JACKSONVILLE – His confidence is growing and growing.
And Blake Bortles gets better and better.
If any story is defining the Jaguars recently, that may be it – and offensive coordinator Nathaniel Hackett on Thursday said the fourth-year quarterback's progress is particularly evident in his growing understanding of the offense.
"Blake is starting to own the offense," Hackett said as the AFC South-leading Jaguars (9-4) prepared to play the Houston Texans (4-9) at EverBank Field Sunday at 1 p.m. "That's what you want from him. It's what you want from a quarterback.
"He's now trying to figure out what we're trying to accomplish. Once you start feeling that, you can start talking to other guys. You can have more fun in the huddle. You're playing football now."
Hackett has said multiple times this season that Bortles' command of the offensive is growing steadily. This is the first year Bortles has run Hackett's system, with Hackett mostly running former offensive coordinator Greg Olson's system after taking over as coordinator with nine games remaining last season.
Bortles is the NFL's highest-rated quarterback through two December games. He threw for 268 yards and two touchdowns with no interceptions in a 30-24 victory over Seattle last Sunday.
"He knows why the play's being called now," Hackett said. "It's not just going out and running a play and just kind being a robot."
Hackett said Bortles for the first time this past Sunday began checking out of run plays to passes, something necessary because teams tend to stack the box with extra defenders against the Jaguars' No. 1-ranked rushing offense.
"He's owning it and having fun," Hackett said. "We've started giving him the green light. Obviously, people are trying to stop the run. We haven't gone to a lot of passes from audible. This was one of the first times he knew exactly what he was doing. It was awesome.
"It's a new system. So, you want to slowly let him learn. … That's slowly increasing more and more with the system, and how we go through the game. Those are the things that are exciting."
All three Jaguars coordinators – Hackett on offense, Todd Wash on defense and Joe DeCamillis on special teams – spoke to the media Thursday.
Notes and observations from Coordinator Thursday:
*Running back Leonard Fournette missed practice for a second consecutive day Thursday with a quadriceps injury, but the rookie said he expects to play Sunday. "I'm just taking care of it and making sure nothing else happens to it," he said. Fournette said he sustained the injury when hit by Seahawks safety Earl Thomas out of bounds Sunday. "I played through it, though," he said. Fournette also said he is having "no problems" with the ankle issue that hampered him from mid-October through early December. Fournette, who rushed for 101 yards and a touchdown on 24 carries Sunday, has rushed for 923 yards and eight touchdowns this season. …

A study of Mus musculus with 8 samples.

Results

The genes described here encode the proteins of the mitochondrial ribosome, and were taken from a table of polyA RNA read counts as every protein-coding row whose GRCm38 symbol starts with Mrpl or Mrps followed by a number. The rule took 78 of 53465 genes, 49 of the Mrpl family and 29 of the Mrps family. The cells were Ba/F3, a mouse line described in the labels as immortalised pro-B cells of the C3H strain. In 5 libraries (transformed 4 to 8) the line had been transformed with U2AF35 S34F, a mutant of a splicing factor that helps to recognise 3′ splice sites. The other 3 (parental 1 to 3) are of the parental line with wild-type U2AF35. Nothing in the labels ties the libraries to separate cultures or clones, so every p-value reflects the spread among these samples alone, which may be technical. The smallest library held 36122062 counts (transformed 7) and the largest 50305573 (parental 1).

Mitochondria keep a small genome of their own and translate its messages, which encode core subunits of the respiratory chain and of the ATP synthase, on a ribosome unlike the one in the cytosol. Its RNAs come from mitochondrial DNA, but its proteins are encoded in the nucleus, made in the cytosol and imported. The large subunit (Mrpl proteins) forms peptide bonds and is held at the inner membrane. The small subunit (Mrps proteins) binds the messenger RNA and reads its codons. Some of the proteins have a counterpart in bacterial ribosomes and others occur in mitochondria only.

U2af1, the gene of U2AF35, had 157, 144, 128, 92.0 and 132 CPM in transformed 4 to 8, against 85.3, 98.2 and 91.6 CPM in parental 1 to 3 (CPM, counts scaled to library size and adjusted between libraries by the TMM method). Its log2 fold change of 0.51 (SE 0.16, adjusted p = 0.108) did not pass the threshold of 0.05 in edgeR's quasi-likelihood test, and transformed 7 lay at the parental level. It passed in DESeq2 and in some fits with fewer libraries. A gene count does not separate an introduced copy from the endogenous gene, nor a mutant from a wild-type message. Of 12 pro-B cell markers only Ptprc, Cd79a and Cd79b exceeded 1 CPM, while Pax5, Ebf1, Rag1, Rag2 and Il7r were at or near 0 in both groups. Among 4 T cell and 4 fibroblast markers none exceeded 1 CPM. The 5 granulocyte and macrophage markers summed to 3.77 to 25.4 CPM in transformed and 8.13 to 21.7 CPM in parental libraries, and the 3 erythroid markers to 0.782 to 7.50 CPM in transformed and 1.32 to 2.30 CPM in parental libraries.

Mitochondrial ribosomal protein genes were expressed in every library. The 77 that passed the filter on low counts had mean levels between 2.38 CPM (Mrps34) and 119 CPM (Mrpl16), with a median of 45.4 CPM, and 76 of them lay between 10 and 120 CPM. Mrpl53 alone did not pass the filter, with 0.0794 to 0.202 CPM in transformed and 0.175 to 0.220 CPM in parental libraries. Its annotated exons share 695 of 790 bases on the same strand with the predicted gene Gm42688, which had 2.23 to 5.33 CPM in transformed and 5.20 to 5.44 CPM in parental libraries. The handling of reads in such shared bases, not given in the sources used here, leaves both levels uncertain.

*Cornerback Jalen Ramsey on Thursday was added to the injury report as practicing limited with a back injury, with wide receiver Marqise Lee working limited with a foot injury for a second consecutive day. Wide receiver Larry Pinkard (concussion) missed practice for a second consecutive day, as did wide receiver Allen Hurns (ankle). Offensive tackle Cam Robinson (back) practiced limited after missing practice Wednesday. Quarterback Blake Bortles (right wrist) and linebacker Telvin Smith (concussion) practiced full for a second consecutive day. …
*Hackett addressed rookie wide receiver Dede Westbrook, who has caught 20 passes for 235 yards and a touchdown in his first four NFL games. Westbrook, a fourth-round selection in the 2016 NFL Draft from Oklahoma who missed the first nine games of the season after undergoing core-muscle surgery in September, caught his first NFL touchdown against Seattle this past Sunday. "He just goes out there and plays," Hackett said. "It's not too big for him. He goes out there, and no challenge is too big or small for him. That's the exciting thing with him." …
*Wash addressed the defense allowing multiple big plays in the last three games, saying the team has allowed six "explosive plays" for touchdowns during that span. Seattle on Sunday scored its three touchdowns on passes of 26, 61 and 74 yards by quarterback Russell Wilson. The 61- and 74-yarders came in the fourth quarter. "It was something we addressed on Monday," Wash said. "Like I told our group, 'I've got to look at myself first.' Are we trying to do too much? Are we trying to get them in a perfect defense for a perfect play instead of just letting them play? I take responsibility for that. We just have to play sound, fundamental football and communicate – and hopefully, we can eliminate those."